I'm new here, and came to this website because I've got some questions.
In September last year my depression relapsed again for the third time in three years. I went to my GP and she referred me for psychological assessment. At the assessment the psychologist referred me for therapy for my depression and anxiety but also referred me for an adult autism assessment. I thought nothing of the latter until the letter came through offering an appointment.
I attended the autism assessment this morning, and won't learn the outcome for a couple of weeks. But I don't know what a diagnosis (or non-diagnosis) is going to mean, and how it can help. I know I think differently to other people and struggle with some aspects of social interaction, but I work full time, I've got a mortgage on my own house, and I've learned to cope with being social. I'm 43, I'm just not sure how it's going to help make a difference either way.
Hi Graham, when I realised I was autistic, last May, I knew straight away that I wanted a formal diagnosis. I felt I needed it, not so much to prove the diagnosis but to confirm it, especially when I’m telling other people. It also became apparent to me that it was actually a necessity as I have been out of work now for several years. I have tried doing part time jobs that I thought I could handle, but it turned out that I couldn’t. I think I’ve been ‘passing’ for so long now that I can’t do it anymore and to be honest, neither do I want to. Now I am beginning to understand the situation better, I am able to make plans to create an income in a way that suits me, although at present, I just need time to process the diagnosis and steady myself. Deciding to get a diagnosis is such a personal thing and I don’t think I really thought about it too much or what the benefits would be but I’m realising that the biggest benefit to me, seems to be that I feel like I’ve been given ‘permission’ to finally be me. For me, this is life changing, it’s forcing me to really think about what it is I need and want in life and what I can give, without burning out and falling into depression and burnout. As I’m working that out, I can ask for the help I need and the formal diagnosis is supporting that and it is preventing me from falling back into what I’m good at or rather what I’ve done, what I’m used to, which is social worker/mental health practitioner, because even though I’m good at the job, as in, I’m good at working with the clients, the rest of the job is just too much for me. I’m working towards self employment/business owner as a metaphysician but I’m going to need support to make that happen as well as a good understanding or a better understanding of what is my ‘autism’ and what is me, so I can work with it and focus my attention on the positive aspects instead of trying to make myself fit into a box that wasn’t designed for me. I trust you will come to the right decision for you.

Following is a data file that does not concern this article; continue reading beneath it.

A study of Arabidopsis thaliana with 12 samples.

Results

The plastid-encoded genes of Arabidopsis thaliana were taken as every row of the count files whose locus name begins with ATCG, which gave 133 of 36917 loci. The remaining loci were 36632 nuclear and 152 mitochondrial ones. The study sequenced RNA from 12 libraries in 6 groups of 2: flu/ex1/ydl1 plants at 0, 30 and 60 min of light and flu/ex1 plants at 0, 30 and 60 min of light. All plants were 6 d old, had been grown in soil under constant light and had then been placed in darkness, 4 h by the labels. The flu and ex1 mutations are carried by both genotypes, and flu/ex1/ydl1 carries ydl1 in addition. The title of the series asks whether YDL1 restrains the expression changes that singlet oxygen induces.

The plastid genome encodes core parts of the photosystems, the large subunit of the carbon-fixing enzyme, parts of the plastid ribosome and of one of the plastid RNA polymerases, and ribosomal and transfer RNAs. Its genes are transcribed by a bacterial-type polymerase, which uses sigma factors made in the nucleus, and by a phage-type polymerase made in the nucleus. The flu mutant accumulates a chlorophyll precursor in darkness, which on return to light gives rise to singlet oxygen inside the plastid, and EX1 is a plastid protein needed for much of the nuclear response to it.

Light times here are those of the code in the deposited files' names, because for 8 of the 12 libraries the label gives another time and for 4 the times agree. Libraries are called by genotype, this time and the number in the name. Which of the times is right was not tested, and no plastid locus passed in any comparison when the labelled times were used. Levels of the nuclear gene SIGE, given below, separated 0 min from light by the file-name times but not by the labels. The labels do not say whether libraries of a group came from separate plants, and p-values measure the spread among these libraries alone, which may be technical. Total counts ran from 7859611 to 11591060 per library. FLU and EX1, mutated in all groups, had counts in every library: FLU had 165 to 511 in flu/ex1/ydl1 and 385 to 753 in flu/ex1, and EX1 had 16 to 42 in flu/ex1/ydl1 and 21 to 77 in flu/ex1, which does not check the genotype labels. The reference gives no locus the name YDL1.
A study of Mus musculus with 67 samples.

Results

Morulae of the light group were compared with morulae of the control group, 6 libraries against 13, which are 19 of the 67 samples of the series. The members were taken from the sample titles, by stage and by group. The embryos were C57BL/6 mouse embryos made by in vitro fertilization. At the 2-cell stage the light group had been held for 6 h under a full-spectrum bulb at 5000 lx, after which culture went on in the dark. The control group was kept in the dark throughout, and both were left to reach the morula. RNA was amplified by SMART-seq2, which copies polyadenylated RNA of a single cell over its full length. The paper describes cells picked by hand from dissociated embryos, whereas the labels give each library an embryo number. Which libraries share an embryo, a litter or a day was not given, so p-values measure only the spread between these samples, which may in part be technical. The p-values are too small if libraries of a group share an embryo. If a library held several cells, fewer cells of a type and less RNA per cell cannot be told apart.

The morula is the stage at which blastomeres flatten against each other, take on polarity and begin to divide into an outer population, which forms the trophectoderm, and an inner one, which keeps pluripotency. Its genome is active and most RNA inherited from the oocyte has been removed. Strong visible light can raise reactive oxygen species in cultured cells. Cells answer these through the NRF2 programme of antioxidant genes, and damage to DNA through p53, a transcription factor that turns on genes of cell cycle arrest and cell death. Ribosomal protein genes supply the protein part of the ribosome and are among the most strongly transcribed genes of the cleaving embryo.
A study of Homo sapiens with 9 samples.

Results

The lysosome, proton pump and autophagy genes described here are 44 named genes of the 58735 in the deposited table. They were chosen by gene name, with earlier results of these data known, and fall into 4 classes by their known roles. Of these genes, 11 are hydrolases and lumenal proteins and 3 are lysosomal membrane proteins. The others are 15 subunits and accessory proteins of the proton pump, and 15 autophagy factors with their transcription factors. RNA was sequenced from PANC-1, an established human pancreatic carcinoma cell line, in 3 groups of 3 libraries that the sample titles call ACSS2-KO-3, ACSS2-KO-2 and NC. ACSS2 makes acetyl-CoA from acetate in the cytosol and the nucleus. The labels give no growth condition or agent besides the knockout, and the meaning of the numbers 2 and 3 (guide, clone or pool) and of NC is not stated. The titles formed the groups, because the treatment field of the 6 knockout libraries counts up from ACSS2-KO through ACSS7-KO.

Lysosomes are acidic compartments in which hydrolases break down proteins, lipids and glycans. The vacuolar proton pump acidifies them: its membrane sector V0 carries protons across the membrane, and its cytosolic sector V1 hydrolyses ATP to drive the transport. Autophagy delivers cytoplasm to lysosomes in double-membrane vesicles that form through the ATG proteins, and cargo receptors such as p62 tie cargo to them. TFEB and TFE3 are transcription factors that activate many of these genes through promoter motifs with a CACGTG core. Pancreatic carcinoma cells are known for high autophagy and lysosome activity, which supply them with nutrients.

It’s fascinating that you used to be a social worker/mental health practitioner. I am a social worker now, working with looked after children. I like working with the smaller children because I find communicating with them much easier and it causes me less anxiety. This in turn has been recognised by my current line manager who has agreed to give me more cases with younger children. This generally means adoption work, which involves a lot more paperwork than other cases but I don’t mind that, paperwork doesn’t seem to bother me like it does other people.
I have worked in the social sector since 1998 though it has taken a long time to get to the point I am at today. A long time involving being in capabilities or disciplinary three times, being made redundant from three posts (in the public sector they only really sack you for gross misconduct, you get made redundant for performance issues) and going through burnout at least once. All this has meant that I am wiser now to not repeat the mistakes of the past, and a diagnosis is only going to help more.
I decided to disclose that I was seeking a diagnosis to my line manager because if she reacted negatively then this wasn’t going to be the right job for me. Luckily for me she didn’t. However I am conscious that the only constant in the public sector is change (something that also raises my anxiety levels) and I won’t always have the same line manager, so will just have to see how it goes.
I have thought about setting up my own business, but have no idea what I would do. Nothing I can think of would pay enough to keep me on top of my debts (mortgage, loan, credit card etc.) How did you decide your line of work for setting up your own business?